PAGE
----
Alice Guy-Blaché is an undisputed pioneer of the film industry—among other things, she was the first female director, one of the first directors to make a narrative film, and worked on over 1,000 films—but for years she was left out of the history books, her work attributed to male directors or simply left unmentioned. Pamela B. Green’s documentary Be Natural: The Untold Story of Alice Guy-Blaché represents an effort to right that wrong by telling Guy-Blaché’s story, in a lively film that incorporates archival materials, contemporary interviews, film clips, animation, and narration by Jodie Foster.
Besides celebrating a pioneering director, Be Natural serves as a good reminder of how different the early film business was from what it is today. Among other things, there was no film school to attend, and no old boy’s network to crack, because the industry was literally being created as she came of age. Guy-Blaché got into the business sideways, through a sequence of events that began with the death of her father. Needing a trade so she could support her mother, Guy-Blaché decided to train to be a secretary (another profession then in its infancy). Once qualified, she might have taken a job at any number of businesses, but fate brought her to a photography supply company owned in part by Gustave Eiffel (designer of the eponymous Tower) and Léon Gaumont. The job gave her a chance to meet many key people in the nascent film industry, to become familiar with technical and business aspects of it, and to be present at the first presentation of a projected film, the famous documentary short “Workers Leaving the Lumière Company,” in 1895.
Guy-Blaché convinced Gaumont to let her make a film, and the result was the fictional narrative “The Cabbage Fairy” in 1896 (it draws on the folklore that babies are found in cabbage patches, analogous to the way in some countries they are said to be brought by the stork). Using film to tell a story, rather than simply record events, was a new idea at the time, but one that quickly caught on. Guy-Blaché became head of production at Gaumont, creating a variety of films and incorporating the latest in technical innovations, including double exposure and masking.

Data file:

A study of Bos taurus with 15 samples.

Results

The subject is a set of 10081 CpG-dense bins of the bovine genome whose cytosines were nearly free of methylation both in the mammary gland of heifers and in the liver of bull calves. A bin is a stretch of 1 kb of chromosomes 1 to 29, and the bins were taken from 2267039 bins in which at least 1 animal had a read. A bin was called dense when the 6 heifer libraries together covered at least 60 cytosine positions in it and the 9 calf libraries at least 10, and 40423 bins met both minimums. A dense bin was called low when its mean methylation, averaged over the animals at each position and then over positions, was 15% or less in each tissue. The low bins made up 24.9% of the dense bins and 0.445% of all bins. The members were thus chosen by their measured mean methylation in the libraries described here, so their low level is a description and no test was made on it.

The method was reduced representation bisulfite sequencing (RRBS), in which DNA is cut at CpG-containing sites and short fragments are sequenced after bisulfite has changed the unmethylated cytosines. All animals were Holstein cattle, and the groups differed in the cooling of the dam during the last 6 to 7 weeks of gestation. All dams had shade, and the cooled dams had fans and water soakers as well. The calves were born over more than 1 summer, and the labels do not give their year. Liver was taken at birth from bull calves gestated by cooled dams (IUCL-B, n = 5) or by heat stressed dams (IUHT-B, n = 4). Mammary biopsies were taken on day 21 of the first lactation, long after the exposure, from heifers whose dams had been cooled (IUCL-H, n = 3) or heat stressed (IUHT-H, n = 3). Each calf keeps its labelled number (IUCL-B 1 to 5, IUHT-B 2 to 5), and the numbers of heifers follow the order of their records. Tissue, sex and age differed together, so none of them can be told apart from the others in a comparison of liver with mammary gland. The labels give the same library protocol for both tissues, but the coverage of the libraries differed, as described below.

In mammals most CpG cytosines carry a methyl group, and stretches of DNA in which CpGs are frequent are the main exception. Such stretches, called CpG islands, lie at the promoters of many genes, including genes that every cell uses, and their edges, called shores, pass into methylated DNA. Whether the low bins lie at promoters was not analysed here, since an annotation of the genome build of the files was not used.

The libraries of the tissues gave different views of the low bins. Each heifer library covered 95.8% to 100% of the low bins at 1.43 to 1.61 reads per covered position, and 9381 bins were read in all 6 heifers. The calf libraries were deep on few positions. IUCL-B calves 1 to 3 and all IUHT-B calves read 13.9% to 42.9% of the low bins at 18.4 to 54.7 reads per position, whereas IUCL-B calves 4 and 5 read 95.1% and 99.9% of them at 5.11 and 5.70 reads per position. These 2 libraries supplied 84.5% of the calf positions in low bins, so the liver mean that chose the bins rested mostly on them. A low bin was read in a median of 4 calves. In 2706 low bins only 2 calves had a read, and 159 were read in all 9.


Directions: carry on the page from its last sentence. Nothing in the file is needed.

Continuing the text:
In 1907 she married Herbert Blaché, production manager for Gaumont’s U.S. operations, and in 1910 they partnered with George Magie to form the Solax company in Queens, New York. Both Guy-Blaché and her husband directed films for Solax, and they later moved to a larger facility in Fort Lee, New Jersey, which was a center of American filmmaking in the pre-Hollywood era. The documentary’s title, “Be Natural,” stems from this period—Guy-Blaché placed a sign bearing that slogan, a direction to her actors, in the studio in Fort Lee. She directed her last film in 1919, and the film business, never particularly concerned about preserving the past, moved on.
For years Guy-Blaché’s surviving films languished in archives, but today a number have been restored, with some of them released in box sets, and some are even available on YouTube. You can see clips of some of her films in Be Natural, which should convince you that Guy-Blaché is more than a historical curiosity: instead, she was a real filmmaker whose work holds up well today. Much more information is available about Guy-Blaché (and other early women filmmakers) in 2019 than was the case, say, 50 years ago, so Be Natural may overstate the case of her being an “unknown” today. Still, that’s the kind of hyperbole that gets you Kickstarter funding, and without that funding this documentary might never have been made. |Sarah Boslaugh
Be Natural: The Untold Storyof Alice Guy-Blachéis distributed on DVD by Kino Lorber. The only extras on the disc are trailers for this and two other films.